PREVIOUS STEP IN YOGAPEDIA 3 Ways to Prep for Visvamitrasana
SEE ALL ENTRIES IN YOGAPEDIA
Visvamitra The Sage
Visva = everyone · mitra = friend · asana = pose
Strengthens your hands, wrists, shoulders, lats, hamstrings,
and quadriceps; stimulates the intestines and encourages digestion.
From Tadasana, inhale and raise your arms up. Exhale and fold forward. Place your hands on the ground and step back so that your feet are about 3–4 feet from your hands. Begin to reach your sit bones back, press your hands into the mat, and straighten your arms to come into Downward-Facing Dog Pose.
Inhale and step your right foot to the inside of your right hand. Turn your left heel in and drop it to the mat, making sure it’s placed along the midline of your body. Ground through your left leg, and tuck your right elbow behind your right knee. Wiggle your arm and shoulder as deeply behind your knee as they will go. You can use your breath to help work it deeper. Inhale, and hold for a breath. Repeat this last movement.
See also Head-to-Knee Forward Bend
Place your right hand on the floor several inches to the right of your right foot, slightly in front of your shoulder with your fingers facing forward. On an exhalation, engage your lower abdominals, lift your pelvis, and begin to straighten your right arm. Keep lifting your pelvis and find a lifting action in your left leg while your heel stays rooted. Place your left hand on your right foot to help keep your leg hooked around your right arm with your right leg lifted. Press your right leg into your right arm.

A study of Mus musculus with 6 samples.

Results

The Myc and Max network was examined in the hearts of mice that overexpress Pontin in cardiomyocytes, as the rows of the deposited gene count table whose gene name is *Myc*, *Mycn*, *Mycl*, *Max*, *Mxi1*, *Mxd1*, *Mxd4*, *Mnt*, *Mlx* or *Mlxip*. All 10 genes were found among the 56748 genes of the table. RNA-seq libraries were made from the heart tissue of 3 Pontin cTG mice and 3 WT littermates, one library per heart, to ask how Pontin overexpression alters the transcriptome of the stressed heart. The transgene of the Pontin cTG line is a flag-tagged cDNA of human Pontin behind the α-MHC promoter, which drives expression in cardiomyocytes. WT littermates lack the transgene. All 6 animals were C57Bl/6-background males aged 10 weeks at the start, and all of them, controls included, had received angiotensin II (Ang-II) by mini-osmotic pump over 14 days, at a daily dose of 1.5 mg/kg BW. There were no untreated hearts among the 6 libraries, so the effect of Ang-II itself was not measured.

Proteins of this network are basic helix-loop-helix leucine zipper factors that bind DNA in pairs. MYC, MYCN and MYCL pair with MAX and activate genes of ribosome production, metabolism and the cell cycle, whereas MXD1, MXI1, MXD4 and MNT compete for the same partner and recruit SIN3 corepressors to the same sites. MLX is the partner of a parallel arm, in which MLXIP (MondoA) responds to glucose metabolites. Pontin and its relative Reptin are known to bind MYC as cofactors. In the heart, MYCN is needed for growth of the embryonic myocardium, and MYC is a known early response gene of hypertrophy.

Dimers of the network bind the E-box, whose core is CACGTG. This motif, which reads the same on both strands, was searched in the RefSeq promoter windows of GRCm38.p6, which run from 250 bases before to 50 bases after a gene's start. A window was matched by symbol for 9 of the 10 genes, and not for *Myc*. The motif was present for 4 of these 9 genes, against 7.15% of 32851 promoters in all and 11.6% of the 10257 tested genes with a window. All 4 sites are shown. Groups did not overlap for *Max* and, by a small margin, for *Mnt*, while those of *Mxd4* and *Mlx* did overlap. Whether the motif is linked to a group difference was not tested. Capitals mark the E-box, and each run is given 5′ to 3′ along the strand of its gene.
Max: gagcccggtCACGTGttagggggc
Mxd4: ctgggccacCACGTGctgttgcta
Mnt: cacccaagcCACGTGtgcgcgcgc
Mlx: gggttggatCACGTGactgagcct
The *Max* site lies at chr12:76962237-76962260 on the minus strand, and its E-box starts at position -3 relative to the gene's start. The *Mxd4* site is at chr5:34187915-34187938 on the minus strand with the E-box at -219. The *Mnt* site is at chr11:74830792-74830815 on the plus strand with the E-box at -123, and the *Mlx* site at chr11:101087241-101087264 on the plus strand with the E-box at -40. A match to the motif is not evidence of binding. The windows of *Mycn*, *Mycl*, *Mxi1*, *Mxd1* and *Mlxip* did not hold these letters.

See also Cow Face Pose
Once you feel stability in your right arm and pelvis, begin to reach and straighten your right leg. Keep extending through your leg, reaching though the ball of your right foot; point your right toes. Find a spinning action, as though you were trying to rotate the bottom of your right foot, reaching it toward the ceiling. Press and ground again into the outer edge of your left foot, which will help engage your core and help with the lifting action of the pelvis. Press your right thigh against your right arm to maintain stability. Press into the mat with your right hand, and slowly begin to reach your left hand up in an energetic line above your right arm. Open your chest and draw your collarbones away from your ears. Reach your tailbone toward your left heel to keep your legs active and engaged. Hold for 5 breaths. Repeat on the other side.
See also Reclining Bound Angle Pose
If you have injuries in your wrists, hamstrings, or pelvis, this posture may not be suitable for you. Your arms and pelvis should feel stable before you move to straighten your right leg. Otherwise, you risk straining your right hamstring, left hip flexor, or right rotator cuff. Once you feel stable, press your right leg into your right arm and reach through your right foot to help keep your leg active, maintaining a lift through your pelvic floor. Avoid sinking into the posture, which can put strain on ligaments in your hip and groin.